LITTLE ROCK (AP) A review by U.S. Fish and Wildlife Services officials found that the proposed Grand Prairie irrigation project would not endanger the ivory-billed woodpecker.
The review by the wildlife agency was ordered by U.S. District Judge Bill Wilson Jr. as part of a lawsuit filed to halt the irrigation project.
Last summer, Wilson issued an injunction for the $400 million irrigation project on the White River in eastern Arkansas. The project’s pumping station is near DeValls Bluff, close to where the elusive woodpecker was spotted and filmed after it was thought to be extinct.
In a July 26 letter to the U.S. Army Corps of Engineers, Mark Sattelberg of the wildlife agency said the project “is not likely to adversely affect the ivory-billed woodpecker.”
“What we’re hoping is, when the judge sees the justification in the letter, he’ll agree with it,” Sattelberg said.
The lawsuit was filed by the National Wildlife Federation and the Arkansas Wildlife Federation.
David Carruth, president of the Arkansas Wildlife Federation, said he had no problem with the agency’s methodology, but said he thought the researchers didn’t study a large enough area.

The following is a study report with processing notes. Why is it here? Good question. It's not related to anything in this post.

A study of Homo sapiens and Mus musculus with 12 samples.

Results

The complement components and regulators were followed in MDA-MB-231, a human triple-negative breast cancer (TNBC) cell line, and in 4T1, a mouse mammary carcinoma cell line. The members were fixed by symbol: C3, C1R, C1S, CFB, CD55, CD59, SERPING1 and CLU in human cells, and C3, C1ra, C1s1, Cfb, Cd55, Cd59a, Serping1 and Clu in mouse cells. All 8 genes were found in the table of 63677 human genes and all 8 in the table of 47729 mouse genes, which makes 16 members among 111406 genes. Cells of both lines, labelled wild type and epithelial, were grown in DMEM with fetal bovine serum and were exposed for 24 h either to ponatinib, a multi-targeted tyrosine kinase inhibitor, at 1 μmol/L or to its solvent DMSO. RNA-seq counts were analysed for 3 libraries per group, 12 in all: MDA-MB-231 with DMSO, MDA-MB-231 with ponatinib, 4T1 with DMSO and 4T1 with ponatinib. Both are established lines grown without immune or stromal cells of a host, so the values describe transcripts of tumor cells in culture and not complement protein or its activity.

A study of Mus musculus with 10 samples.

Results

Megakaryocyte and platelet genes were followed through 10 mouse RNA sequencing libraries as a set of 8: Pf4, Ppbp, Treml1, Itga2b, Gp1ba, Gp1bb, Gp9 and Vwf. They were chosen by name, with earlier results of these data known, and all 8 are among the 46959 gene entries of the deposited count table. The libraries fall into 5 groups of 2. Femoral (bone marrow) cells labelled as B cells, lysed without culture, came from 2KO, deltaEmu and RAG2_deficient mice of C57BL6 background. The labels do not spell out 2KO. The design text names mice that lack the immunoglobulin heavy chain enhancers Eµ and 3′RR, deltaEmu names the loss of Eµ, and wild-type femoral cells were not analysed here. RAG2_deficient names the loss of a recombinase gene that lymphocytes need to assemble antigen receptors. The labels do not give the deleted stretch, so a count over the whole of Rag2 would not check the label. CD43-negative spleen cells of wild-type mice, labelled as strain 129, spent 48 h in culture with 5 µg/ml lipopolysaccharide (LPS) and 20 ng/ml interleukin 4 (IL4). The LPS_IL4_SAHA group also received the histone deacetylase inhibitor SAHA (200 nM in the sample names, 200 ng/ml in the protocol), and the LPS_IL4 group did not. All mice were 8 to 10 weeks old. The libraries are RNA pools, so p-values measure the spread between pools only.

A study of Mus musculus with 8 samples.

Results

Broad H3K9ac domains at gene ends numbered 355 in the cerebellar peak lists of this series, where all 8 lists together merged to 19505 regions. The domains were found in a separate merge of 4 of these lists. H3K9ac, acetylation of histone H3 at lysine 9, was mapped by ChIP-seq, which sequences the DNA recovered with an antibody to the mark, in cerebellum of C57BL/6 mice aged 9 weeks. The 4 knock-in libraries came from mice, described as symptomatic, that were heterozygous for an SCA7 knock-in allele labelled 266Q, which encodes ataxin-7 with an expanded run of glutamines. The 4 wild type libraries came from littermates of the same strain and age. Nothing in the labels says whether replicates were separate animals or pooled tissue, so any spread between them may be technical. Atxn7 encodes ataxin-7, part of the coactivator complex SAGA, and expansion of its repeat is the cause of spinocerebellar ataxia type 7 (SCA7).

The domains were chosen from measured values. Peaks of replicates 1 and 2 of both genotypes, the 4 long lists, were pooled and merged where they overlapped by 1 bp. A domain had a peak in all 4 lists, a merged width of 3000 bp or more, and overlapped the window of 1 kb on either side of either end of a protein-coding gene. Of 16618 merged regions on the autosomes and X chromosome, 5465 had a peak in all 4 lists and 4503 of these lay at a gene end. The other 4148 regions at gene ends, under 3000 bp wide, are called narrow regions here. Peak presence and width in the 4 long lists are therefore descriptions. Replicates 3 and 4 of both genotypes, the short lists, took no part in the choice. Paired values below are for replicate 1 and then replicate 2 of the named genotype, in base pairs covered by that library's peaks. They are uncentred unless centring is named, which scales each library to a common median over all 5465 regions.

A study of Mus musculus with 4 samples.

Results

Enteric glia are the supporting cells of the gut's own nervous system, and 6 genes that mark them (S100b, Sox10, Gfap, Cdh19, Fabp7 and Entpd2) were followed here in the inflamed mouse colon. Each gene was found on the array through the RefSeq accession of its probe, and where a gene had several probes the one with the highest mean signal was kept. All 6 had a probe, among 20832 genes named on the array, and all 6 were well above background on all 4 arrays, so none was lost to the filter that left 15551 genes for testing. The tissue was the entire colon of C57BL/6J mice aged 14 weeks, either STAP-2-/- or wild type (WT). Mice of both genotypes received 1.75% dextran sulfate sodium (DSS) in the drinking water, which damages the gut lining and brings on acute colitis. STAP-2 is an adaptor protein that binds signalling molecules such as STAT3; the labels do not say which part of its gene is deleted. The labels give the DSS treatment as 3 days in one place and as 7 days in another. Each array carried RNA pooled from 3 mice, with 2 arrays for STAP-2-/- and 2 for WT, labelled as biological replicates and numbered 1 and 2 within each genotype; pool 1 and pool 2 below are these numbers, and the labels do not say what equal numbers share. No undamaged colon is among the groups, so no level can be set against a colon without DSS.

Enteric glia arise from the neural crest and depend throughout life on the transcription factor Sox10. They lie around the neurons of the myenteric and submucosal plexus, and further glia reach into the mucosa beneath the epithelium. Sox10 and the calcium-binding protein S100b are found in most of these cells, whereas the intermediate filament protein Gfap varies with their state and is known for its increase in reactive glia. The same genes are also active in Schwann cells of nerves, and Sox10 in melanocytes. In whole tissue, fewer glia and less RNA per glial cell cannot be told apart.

“My take on what I’ve read is they are far, far short of what Judge Wilson intended them to do,” Carruth said. “Even though the pump is going to be physically at DeValls Bluff, the impact zone will be as far south as St. Charles,” Carruth said. “There’s no question that there’s going to be impacts further south. The question is how far south.”
Corps spokesman Bob Anderson said the agency hopes to get federal funding reinstated next year if Wilson approves the biological assessment and lifts the injunction.
“There’s really not any kind of schedule now,” Anderson said. “We’ve got to wait to get cleared to begin again.”